Suspicion-less use of drug sniffing dogs in schools held okay by 8th Circuit

A Federal Court of Appeals has just upheld the use of drug sniffing dogs where a student claimed his constitutional rights were violated by his forced separation from his belongings in order that a dog drug sniff could take place.

The United States Court of Appeals for the Eighth Circuit ruled in favor of a Springfield, Missouri, school district and two of its administrators in a suit alleging that its policy of having students wait outside of a classroom while drug sniffing dogs swept the classroom for illegal narcotics represented an unconstitutional seizure of the student’s possessions.

The suit, Burlinson v. Springfield Public Schools,  was brought about when Springfield police arrived at Central High School during the 2010 school year. They were there to perform a random drug sweep in accordance with school police services’s standard operating procedure 3.4.1. Under that policy, certain randomly selected rooms are chosen to be sniffed by police dogs trained to identify belongings containing illegal drugs. Per the policy, a policeman entered the room of C.M., the child whose parents brought this suit, and informed the students that a random drug sweep was going to occur. The students were instructed to exit the room, leaving their personal belongings in place. C.M. left his backpack and books in the room as instructed and went into the hallway where he could no longer see his belongings.

After all students had exited., a deputy sheriff took the drug dog into C.M.’s classroom. The students were out of the room for approximately five minutes before they were allowed to return. The dog did not alert to any drugs during the search, and the students reentered the classroom. C.M. alleges that it felt as if his bag had been opened, but the zipper was still closed and he offered no proof of this assertion.

These searches took place at the request of Springfield Public Schools (SPS). In 2009,  SPS contacted the Greene County Sheriff’s Department to request random drug sweeps during the 2009-2010 school year. The policy under which this search occurred had been implemented to address a known drug problem.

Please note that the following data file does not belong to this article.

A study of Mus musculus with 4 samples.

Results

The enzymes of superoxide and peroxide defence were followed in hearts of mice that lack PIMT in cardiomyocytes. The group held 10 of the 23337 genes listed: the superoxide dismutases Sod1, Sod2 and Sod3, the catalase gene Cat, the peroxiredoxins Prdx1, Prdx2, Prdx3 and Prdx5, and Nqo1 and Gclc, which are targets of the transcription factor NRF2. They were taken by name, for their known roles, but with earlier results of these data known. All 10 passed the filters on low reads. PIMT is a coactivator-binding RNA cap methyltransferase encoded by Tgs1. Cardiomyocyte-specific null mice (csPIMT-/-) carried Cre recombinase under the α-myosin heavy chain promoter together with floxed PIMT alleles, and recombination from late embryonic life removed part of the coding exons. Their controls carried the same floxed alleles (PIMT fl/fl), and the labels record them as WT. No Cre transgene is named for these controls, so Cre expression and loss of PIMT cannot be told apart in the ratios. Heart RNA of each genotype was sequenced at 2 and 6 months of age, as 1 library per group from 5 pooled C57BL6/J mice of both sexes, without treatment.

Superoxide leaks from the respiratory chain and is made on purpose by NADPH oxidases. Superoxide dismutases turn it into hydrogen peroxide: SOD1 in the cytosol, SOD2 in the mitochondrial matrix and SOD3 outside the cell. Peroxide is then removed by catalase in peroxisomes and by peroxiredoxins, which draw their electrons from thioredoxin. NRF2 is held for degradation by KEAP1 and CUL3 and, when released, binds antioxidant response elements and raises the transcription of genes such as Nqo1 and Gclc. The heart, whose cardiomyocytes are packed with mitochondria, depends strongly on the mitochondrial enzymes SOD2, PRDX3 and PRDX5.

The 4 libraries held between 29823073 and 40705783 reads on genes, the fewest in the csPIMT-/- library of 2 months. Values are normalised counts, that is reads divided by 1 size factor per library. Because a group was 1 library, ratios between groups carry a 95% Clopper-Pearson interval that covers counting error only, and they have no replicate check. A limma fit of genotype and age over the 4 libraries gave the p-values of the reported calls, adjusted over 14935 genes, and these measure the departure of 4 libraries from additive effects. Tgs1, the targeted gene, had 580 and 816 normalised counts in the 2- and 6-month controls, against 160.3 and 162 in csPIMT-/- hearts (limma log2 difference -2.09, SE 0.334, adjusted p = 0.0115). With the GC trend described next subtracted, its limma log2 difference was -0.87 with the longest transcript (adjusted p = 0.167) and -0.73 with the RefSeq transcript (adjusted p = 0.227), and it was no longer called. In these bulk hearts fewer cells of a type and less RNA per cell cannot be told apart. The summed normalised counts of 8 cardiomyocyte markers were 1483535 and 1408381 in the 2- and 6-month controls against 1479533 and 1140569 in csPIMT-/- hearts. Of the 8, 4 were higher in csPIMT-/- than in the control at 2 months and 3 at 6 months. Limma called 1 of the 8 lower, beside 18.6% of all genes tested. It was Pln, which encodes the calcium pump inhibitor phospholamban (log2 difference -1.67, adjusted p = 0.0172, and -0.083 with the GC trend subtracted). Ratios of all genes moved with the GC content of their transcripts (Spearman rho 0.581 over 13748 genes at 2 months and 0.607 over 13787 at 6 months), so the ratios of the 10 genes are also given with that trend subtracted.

The crux of the legal case was whether separating the student from his belongings constituted an unconstitutional seizure of his personal belongings. The Fourth Amendment protects the “right of the people to be secure in their personas, houses, papers, and effects, and against unreasonable searches and seizures.” Under the , a seizure of property must be reasonable, with reasonableness tested based on the context under which it occurred.

In order to determine whether SPS violated C.M.’s Fourth Amendment rights, the court “conducted a fact-specific balancing of the intrusion on the child’s Fourth Amendment rights against the promotion of legitimate government interests.” In ruling on this matter, the court appeared to leave unanswered whether separation from his belongings even constituted a seizure. In reaching its conclusion, the court stated,

Assuming that C.M.’s belongings were seized in this case when the school police officer directed that they be left in the classroom for approximately five minutes while the drug dog survey occurred, we conclude that the seizure was part of a reasonable procedure to maintain the safety and security of students at the school.

In a concurring opinion, one justice argued that this separation does not even rise to the level of a seizure. Stating that a seizure occurs when there is “some meaningful interference with an individual’s possessory interests in that property,” there must be some circumstances under which the interference is merely inconsequential. Given this interpretation, Judge Loken argued that no government seizure took place at all.

Regardless though, under the assumption that a seizure did in fact take place, the seizure here was not unreasonable. The court noted that k-12 public school students do not possess the same expectation of privacy as does the general public. Here, this brief separation from C.M.’s property was for the purpose of avoiding potential embarrassment to students, ensuring that students are not targeted by dogs, and decreasing the potential for potentially hazardous interaction between the police dogs and children.

The court also noted that C.M. freedoms were not “unreasonably curtailed” in that he did not possess full freedom of possession with his property even before the search. Students can be required to not touch their possessions, be required to leave them outside the room, or to leave it in a secured area for school activities.

The court also noted that the government possessed a legitimate interest in keeping drugs out of schools. SPS provided “substantial evidence” to show that there was an illegal drug issue within the district. SPS provided evidence to the court regarding the number of drug related incidents over the last 11 years. C.M. himself testified that he believed that there was and is a drug problem at his school.

The court also quickly dispensed with the parents’ argument that the search was unconstitutional because the seizure was not supported by individualized suspicion, noting that the Supreme Court has rejected the ideas “that all searches or seizures in a school must be supported by individualized suspicion.”